Why are gas prices so high? California will probe possible ‘market manipulation’

A Shell Gas Station at the intersection of South Fairfax Avenue, San Vicente Boulevard and West Olympic Boulevard in Los Angeles advertised all grades of gasoline above the $5 mark last month.
(Al Seib / Los Angeles Times)

The California Energy Commission has concluded that “market manipulation” may be one factor in why the state’s gas prices are so high and has proposed a five-month study to pin down why motorists here pay more than those in the rest of the country.

California motorists were paying an average of $4.05 a gallon for gasoline on Friday, the highest price in the country and $1.20 more than the national average, according to AAA.

“The Energy Commission has identified a number of possible causes that could explain the residual price increase in California, ranging from refinery outages to potentially market manipulation,” the panel said in a six-page memo to Gov. Gavin Newsom.


The commission concluded that a study should be conducted “to thoroughly quantify the possible causes discussed in this memo. The Energy Commission proposes to spend the next five months examining those causes and reporting back to the Governor.”

The memo was sent to Newsom, who requested a review of the high gas prices last month and on Friday supported the planned deeper dive into the issue.

“We appreciate the work of the Energy Commission and look forward to reviewing their findings,” said Brian Ferguson, a spokesman for the governor.

The oil industry responded Friday by saying that causes for the state’s gas prices include market forces, the state’s environmental rules, such as a requirement for special blends of gas, as well as the state’s decision in 2017 to raise the gas tax by 12 cents per gallon to pay for road repairs.

“This report provides further evidence of what market experts and government agencies have maintained for years: there are many factors that influence movement in the price of gasoline and diesel, but the primary driver is the dynamics of supply and demand of crude oil,” said Catherine Reheis-Boyd, president of the Western States Petroleum Assn.

The initial review by the Energy Commission said that California gasoline prices have “diverged noticeably from U.S. averages” beginning in 2015 when an explosion at the Torrance refinery interrupted supplies.


“While that outage lasted roughly one and a half years, the increase in California gasoline prices remained well after the restoration of normal operations at Torrance,” the report said.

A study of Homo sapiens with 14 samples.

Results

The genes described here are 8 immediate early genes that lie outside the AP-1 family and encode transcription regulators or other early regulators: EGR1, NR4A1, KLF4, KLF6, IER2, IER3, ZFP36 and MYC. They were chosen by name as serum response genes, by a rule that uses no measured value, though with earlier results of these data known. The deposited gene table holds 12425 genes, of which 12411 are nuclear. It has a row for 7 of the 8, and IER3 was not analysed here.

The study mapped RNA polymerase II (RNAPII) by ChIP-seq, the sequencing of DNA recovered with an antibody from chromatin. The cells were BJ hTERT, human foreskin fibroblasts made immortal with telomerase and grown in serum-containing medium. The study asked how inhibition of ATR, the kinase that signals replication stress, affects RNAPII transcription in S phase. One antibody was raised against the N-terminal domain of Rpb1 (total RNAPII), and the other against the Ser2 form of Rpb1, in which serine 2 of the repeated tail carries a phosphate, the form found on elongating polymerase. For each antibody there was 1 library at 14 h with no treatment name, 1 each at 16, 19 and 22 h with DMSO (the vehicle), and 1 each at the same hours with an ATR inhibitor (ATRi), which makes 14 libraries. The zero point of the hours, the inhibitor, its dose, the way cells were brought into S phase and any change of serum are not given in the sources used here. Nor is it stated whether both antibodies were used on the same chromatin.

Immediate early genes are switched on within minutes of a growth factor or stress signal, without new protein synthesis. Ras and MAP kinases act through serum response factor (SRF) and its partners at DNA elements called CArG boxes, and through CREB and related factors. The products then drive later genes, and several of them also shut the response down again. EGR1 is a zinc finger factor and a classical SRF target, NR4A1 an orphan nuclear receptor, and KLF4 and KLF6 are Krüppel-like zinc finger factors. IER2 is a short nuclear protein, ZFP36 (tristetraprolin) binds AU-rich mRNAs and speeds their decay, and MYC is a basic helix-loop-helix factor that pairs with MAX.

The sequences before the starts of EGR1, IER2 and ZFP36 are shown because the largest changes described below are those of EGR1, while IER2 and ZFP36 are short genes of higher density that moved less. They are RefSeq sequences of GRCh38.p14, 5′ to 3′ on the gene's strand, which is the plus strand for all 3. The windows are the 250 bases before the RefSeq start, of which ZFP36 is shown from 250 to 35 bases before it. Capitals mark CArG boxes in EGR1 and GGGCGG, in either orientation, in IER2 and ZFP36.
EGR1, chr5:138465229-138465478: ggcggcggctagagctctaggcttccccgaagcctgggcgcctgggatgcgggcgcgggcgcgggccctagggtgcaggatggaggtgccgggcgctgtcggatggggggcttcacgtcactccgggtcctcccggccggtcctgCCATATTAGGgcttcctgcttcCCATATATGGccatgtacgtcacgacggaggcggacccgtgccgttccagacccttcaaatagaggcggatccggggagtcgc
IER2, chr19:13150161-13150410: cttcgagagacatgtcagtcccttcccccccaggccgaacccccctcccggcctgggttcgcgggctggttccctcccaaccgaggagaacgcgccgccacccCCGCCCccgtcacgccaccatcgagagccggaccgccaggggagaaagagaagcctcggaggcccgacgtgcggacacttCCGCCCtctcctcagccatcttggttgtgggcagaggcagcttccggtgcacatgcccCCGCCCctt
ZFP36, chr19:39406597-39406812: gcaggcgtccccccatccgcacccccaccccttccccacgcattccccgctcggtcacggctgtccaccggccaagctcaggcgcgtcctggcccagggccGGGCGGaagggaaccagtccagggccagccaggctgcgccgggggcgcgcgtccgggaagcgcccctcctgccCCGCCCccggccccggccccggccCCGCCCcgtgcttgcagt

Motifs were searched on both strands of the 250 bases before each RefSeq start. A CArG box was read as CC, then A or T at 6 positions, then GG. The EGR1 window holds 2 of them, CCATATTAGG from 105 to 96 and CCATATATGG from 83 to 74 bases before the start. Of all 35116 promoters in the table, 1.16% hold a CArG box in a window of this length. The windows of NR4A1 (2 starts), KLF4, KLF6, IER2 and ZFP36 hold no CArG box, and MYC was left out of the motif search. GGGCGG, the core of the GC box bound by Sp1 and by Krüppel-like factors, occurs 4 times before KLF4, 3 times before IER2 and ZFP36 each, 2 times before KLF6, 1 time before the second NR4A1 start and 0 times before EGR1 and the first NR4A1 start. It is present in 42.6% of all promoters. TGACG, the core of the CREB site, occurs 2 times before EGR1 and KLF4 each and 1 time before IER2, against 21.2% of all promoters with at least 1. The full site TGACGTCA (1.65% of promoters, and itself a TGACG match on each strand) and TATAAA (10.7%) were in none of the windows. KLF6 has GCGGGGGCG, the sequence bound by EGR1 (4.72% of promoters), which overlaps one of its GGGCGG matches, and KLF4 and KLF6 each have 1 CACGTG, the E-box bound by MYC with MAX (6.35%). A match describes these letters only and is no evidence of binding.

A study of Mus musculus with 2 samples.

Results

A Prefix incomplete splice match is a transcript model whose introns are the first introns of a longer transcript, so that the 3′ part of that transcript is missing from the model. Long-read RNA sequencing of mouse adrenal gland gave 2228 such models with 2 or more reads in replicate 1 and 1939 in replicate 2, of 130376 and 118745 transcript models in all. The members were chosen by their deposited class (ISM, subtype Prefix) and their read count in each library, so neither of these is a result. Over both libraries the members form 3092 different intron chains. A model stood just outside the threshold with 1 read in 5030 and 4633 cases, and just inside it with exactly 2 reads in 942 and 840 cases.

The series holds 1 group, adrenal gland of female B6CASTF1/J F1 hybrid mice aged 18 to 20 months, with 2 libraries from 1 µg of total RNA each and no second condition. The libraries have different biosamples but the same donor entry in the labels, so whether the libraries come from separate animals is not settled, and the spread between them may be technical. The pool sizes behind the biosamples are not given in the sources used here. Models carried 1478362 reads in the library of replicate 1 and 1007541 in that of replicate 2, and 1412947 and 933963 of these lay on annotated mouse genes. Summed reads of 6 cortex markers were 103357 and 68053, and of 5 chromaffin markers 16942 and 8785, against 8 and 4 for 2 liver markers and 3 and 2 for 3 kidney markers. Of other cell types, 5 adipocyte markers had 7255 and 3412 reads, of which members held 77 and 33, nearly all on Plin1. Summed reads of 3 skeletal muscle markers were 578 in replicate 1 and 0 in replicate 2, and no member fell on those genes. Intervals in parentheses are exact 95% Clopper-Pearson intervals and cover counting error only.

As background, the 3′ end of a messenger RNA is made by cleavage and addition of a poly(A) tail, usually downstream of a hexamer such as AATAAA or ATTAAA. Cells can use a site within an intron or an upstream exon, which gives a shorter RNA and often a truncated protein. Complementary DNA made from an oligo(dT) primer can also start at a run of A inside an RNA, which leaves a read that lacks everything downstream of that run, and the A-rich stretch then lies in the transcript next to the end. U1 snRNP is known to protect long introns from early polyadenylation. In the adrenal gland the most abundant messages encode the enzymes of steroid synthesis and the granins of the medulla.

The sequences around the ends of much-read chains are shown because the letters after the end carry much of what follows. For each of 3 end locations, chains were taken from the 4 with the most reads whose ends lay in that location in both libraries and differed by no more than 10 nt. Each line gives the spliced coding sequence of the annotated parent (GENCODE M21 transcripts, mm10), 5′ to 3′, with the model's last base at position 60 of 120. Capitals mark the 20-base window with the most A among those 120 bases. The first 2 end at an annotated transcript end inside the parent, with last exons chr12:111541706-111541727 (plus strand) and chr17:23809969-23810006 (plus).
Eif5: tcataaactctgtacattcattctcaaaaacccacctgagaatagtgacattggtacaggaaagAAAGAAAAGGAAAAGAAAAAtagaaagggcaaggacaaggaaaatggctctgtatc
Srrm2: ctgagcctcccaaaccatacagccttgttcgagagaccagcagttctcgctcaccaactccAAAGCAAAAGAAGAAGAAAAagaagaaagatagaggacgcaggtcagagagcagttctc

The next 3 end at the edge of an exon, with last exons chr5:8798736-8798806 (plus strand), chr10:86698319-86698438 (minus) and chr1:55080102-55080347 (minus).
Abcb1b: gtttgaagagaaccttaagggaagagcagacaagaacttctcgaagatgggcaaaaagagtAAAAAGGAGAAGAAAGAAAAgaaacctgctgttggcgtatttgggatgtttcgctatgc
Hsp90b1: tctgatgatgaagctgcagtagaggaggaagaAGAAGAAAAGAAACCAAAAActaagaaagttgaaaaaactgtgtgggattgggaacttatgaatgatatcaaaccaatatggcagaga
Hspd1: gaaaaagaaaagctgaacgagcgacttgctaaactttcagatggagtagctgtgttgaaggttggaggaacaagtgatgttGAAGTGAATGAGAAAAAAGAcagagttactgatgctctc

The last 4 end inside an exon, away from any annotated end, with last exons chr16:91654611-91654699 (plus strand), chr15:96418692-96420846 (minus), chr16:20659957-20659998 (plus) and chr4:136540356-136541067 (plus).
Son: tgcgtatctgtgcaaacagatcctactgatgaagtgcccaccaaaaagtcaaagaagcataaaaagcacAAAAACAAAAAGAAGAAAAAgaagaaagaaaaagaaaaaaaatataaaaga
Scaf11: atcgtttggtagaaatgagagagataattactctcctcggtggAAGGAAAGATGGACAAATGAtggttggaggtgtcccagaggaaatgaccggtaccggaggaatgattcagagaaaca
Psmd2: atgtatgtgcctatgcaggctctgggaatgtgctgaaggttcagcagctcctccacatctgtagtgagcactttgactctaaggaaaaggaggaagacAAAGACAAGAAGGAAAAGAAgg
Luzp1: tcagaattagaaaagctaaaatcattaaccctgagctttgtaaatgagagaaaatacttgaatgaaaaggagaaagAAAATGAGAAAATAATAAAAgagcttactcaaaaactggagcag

The “residual” price impact ranging of between 17 cents and 34 cents per gallon has remained in the market, and might be explained in part by other refinery outages and crude prices, the report said.

Others have labeled the differential in price as a mystery surcharge, the cause of which is debatable.

The commission said that at least part of the explanation for the residual cost could be the ”practice of higher-priced brand retailers of gasoline — Chevron, Shell, Exxon, Mobil, and 76 — to charge higher prices than unbranded, ARCO and hypermart retailers, for essentially the same product.”

That issue would be a focus of the five-month study, the commission said.

“While this practice is not necessarily illegal, it may be an effort of a segment of the market to artificially inflate prices to the detriment of California consumers and could account for at least part of the price differential,” the memo said.

Representatives of oil companies, including Chevron, referred requests for comment on the report’s findings to the Western States Petroleum Assn.


The state’s “cap-and-trade” program that requires polluting businesses to pay for credits to offset the impact of their operations, also play a role in California’s higher fuel prices, the report said.

Assembly Republican leader Marie Waldron of Escondido put much of the blame for high gas prices on the Democratic majority in control of state government.

“We know the most obvious cause of high gas prices and that’s the gas tax that was voted by Democrats two years ago, with more increases coming,” said Waldron. She also said the state Air Resources Board is considering stricter regulations on refineries that she believes will drive up gas prices.

“If there is fraud in the market, we certainly need to put an end to it. But if we want to lower gas prices immediately, there’s a simple solution — repeal the gas tax,” Waldron said.

Consumers can still find competitive prices if they shop around, according to Marie Montgomery Nordhues, a spokeswoman for the Automobile Club of Southern California.

“California gas prices could definitely benefit from increased competition, increased refinery capacity, and easier access to alternative fuel sources in other parts of this country,” she said.


The new five-month study announced Friday may not be the only look at California gas prices.

Some lawmakers have asked state Atty. Gen. Xavier Becerra to look into the surcharge at the start of the year, but the Department of Justice has not commented publicly on the request.